Should China grow GM rice?

Posted by Fuchsia on March 15, 2010
Agriculture, Development, Environment, Ingredients

There’s an interesting piece in the China Daily today that brings together three contrasting views on China’s decision to allow the cultivation of genetically-modified rice. One of the authors, Wang Chaohua, is a physical chemist who has conducted soybean and research for the US Department of Agriculture: he is extremely sceptical about the supposed benefits of the two new strains of rice, notes the ‘scary fact’ that GM seeds may be unable to adapt to sudden changes in climate, and points out that GM foods ‘have the potential to cause serious health damage even in a very short period’ and, worse still, to cause ‘irrecoverable damage to the soil.’

Another contributor, journalist Xiong Mei, reckons that the real issue here is not safety, but consumer choice: can the Chinese Ministry of Agriculture guarantee that those who don’t want to eat GM foods can avoid them? (Judging by the food scares of recent years and the notorious prevalence of fake products in China, one would guess not…). “If the ministry’s decision to conduct trials with GM rice seeds is irreversible,”, she says, “effective measures should be taken to ensure the fields it is planted on are segregated and do not pollute non-GM rice fields.” (As far as I’m aware, it’s virtually impossible to segregate GM and non-GM crops, because of the free movement of pollen and seeds, as we’ve seen in other countries.)

The third voice is that of Robert Paarlberg, the B.F.Johnson Professor of Political Science at Wellesley College in Massachusetts. He argues that anti-GM activists in Europe and  China just won’t admit “that Europe’s top scientists have long since found today’s genetically engineered foods to be just as safe as conventional foods” – but he also implies that his confidence in their safety comes from the fact that there has been “no documented evidence of any new harm” from GM foods in the last fifteen years. (Is fifteen years long enough to assess the long-term effects of irreversible changes to our agricultural and food systems?) Professor Paarlberg’s language is notably less restrained than that of the other two writers: he dismisses contrary arguments and charges as ‘bogus’, ‘ridiculous’ and ‘laughable’.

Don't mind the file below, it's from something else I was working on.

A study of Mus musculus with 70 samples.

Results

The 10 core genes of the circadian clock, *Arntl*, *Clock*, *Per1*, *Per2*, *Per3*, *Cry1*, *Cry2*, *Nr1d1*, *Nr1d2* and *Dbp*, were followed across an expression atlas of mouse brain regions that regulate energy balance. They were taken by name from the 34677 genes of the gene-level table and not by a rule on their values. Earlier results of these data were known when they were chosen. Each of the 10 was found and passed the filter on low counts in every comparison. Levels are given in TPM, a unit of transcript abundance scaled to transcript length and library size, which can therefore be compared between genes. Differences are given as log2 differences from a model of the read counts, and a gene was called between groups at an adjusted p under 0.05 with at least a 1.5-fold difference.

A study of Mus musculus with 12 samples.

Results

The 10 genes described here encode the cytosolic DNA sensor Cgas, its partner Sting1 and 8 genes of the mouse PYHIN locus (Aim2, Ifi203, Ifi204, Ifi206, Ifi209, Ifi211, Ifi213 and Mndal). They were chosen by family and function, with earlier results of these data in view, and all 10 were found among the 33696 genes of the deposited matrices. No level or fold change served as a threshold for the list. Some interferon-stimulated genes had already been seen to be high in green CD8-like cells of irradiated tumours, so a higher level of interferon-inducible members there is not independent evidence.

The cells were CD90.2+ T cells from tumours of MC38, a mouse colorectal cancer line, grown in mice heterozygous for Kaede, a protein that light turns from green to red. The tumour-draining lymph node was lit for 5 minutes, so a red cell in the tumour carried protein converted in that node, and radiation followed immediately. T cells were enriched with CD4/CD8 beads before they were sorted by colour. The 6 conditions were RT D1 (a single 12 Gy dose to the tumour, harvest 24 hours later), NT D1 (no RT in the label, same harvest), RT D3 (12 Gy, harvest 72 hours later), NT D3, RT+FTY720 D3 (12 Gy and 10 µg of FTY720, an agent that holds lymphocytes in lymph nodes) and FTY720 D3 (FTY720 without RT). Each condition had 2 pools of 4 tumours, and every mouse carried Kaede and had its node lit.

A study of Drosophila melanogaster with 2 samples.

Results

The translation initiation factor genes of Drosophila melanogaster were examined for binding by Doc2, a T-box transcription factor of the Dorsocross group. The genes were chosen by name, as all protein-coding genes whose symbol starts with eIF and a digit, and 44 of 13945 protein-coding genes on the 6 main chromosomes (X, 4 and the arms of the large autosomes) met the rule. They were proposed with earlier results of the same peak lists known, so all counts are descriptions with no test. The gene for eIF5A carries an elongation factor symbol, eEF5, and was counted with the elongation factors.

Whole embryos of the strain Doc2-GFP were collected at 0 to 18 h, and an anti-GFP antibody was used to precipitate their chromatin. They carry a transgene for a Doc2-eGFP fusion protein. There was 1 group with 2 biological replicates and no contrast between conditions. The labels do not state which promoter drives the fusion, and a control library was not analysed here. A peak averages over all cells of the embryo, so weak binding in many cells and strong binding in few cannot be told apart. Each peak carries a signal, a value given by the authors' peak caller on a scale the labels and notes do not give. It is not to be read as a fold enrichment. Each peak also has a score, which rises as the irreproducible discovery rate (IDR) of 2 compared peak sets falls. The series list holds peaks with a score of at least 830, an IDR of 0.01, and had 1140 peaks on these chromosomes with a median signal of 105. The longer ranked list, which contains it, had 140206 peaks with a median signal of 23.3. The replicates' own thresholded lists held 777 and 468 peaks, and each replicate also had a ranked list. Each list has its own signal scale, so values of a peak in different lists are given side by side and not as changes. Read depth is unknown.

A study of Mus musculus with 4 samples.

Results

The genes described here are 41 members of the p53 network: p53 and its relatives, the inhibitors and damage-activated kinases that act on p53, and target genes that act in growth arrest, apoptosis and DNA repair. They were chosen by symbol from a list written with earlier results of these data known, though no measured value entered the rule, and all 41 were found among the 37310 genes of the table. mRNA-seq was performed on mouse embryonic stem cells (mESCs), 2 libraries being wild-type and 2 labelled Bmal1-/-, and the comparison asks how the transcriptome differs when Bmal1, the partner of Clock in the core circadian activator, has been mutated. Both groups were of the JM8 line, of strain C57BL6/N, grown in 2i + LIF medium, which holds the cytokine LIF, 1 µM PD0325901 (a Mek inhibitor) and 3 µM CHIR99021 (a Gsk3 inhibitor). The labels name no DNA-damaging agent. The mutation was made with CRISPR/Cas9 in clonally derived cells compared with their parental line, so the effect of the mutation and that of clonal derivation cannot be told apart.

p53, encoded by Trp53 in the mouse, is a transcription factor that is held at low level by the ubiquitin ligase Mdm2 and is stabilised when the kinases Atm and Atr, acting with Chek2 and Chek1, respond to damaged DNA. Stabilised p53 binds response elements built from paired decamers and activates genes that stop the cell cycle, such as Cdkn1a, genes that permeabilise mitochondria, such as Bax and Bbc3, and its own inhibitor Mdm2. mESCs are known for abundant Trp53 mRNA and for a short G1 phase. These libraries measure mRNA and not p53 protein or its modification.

It’s interesting to see a debate on such a politically-charged topic in the China Daily…


Philip
17 March 2010

There is an interesting article at the Skeptic’s Health Journal Club about a former Pfizer microbiologist who claims she was infected during research by a genetically modified virus and is suing Pfizer. If you are interested there is more on it here,

http://healthjournalclub.blogspot.com/

Peter
18 March 2010

What’s particularly interesting about the arguments advocating the use of GM produce is the claim that there are no evident ill effects given the exposure period of the 15 years or so that North American consumers have been employed as unsuspecting guinea pigs.

Like a lot of other man manifested creations of the modern age, it’s chronic exposure (over a significant amount of time – one’s life maybe?) that’ll prove most telling – b/c of the pervasive nature of wanting results/things NOW, the prized acute exposure -> result is lacking in this instance, but should this in and of itself discount any potential effects that may arise decades from now?

Leave the consumer to exercise choice – this does require education and/or awareness which are highly lacking in parts of the world where GM food is ubiquitous.

The other argument usually lobbied is that people have been fomenting new breeds ever since man has farmed. While this is true, the crossbreeding involved used genes from the same species or closely related ones as opposed to inserting a genetic segment (say) from an earthworm into a strain of wheat to make it more resistant to certain diseases. The science doesn’t articulate what this produces as regards to potential long-term harm nor does it speak to the integrity of the resulting hybrid.

If you are the sum constituents of what you consume, do you really want your body to reflect DNA of foodstuffs you normally wouldn’t eat?

The race towards modernity for China may not end up as how the governing party envisions when all is said and done…

Mart
23 March 2010

I’m always getting a bit tired of the pro GM’s. It supposedly solves a problem that wouldn’t be there if everyone ate a bit less animal proteins. GM only serves big agri and you can wait until they will get bitten in the tail by a non gm modified diseasse/animal.